Getting Published Step 5: Selling your Novel


Getting Paid

Authors typically get paid in two ways:

  • Advances
  • Royalties

An advance is a sum of money paid up front for your book. Officially it is an “advance on future earnings,” meaning it’s the amount of money the publisher thinks your book will earn in royalties. This also means that technically you owe the amount of your advance to the publisher. And they will recoup this amount by keeping your royalties until the advance is paid back. However if your book does not earn enough in royalties to recoup your full advance, you do not need to pay the publisher out of your own pocket. The difference becomes their loss.

A royalty is a percentage of the book’s price that is owed to the author. So for every book that is sold to the public, you receive a percentage of the sale.

Authors often want to know how much their advance will be for their first book deal. Unfortunately there is no way of estimating this. Debut books can sell from anywhere between $5,000 and $500,000 depending on the book, the agent, and the number of publishers interested in purchasing the manuscript. But many reliable sources cite the average book advance for a new author getting published in the United States is around $10,000 for a single book.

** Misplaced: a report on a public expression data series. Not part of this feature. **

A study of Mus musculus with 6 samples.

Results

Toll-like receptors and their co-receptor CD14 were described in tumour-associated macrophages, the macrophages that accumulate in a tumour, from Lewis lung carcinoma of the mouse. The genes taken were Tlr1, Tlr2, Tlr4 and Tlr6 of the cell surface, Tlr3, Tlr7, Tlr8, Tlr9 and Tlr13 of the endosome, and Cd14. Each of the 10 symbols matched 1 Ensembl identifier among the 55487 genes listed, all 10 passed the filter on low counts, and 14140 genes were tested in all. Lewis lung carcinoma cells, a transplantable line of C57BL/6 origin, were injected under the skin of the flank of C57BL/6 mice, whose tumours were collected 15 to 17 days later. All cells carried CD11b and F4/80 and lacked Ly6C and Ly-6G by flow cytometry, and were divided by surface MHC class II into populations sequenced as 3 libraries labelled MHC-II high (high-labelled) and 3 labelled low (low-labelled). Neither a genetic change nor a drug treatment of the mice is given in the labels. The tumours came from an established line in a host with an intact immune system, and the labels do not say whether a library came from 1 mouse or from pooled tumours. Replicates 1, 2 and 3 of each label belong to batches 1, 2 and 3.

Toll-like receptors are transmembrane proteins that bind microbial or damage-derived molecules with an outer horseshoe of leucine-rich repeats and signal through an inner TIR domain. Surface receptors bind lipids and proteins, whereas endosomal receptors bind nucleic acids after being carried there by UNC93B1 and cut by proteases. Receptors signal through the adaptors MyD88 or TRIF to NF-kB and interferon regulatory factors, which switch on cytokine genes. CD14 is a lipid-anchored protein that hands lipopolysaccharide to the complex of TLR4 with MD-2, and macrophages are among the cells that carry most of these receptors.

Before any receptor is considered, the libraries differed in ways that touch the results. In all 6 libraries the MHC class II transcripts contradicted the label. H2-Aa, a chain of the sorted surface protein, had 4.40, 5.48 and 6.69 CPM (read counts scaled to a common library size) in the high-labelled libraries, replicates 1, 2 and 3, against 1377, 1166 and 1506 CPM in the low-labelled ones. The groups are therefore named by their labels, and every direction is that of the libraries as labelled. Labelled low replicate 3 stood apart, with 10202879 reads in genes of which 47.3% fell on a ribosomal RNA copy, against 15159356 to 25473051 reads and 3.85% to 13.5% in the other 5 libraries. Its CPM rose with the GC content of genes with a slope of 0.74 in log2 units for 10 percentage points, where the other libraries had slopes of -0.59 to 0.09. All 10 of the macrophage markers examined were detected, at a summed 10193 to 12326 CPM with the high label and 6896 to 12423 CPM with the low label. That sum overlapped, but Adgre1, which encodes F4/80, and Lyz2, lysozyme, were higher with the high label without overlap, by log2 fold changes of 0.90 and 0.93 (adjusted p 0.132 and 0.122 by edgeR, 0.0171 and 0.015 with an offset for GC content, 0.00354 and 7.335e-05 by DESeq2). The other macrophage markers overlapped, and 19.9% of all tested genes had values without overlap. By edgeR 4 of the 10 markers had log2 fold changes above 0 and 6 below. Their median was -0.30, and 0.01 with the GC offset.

Releasing your book in stores

Once you’ve sold your book to a publisher, it will usually take between 1 and 2 years for your book to be released to the public. Here’s an overview of what’s going on behind the scenes at your publishing house during that time:

12 – 24 months out

  • Work on revisions with your editor

9 to 12 months out

  • Your manuscript is sent to be “copy edited”
  • You receive your First Pass Pages (also called “Proof Pages”) which is your last and final chance to review your book and make changes
  • Your book cover designed
  • Marketing and Publicity departments begin to plan your marketing campaign

6 months out

  • You are assigned an in-house publicist who will be your “point person” for all publicity matters
  • Advanced Reader’s Copies (also called “ARCs”) of your book are published and sent to reviewers
  • Your book starts appearing on websites for pre-orders o Your book appears in your publisher’s catalog

3 months out

  • Reviews start coming in

Pub date!

  • Your book is available for purchase online and in stores!

Note: This is a sample book production timeline. Exact time frames will vary based on each individual publishing house and their respective release schedules.

Your dream of selling your novel to a major U.S. publisher is within reach! Check out this video to see how The Complete Guide to Getting Published can help you prepare for your first book release!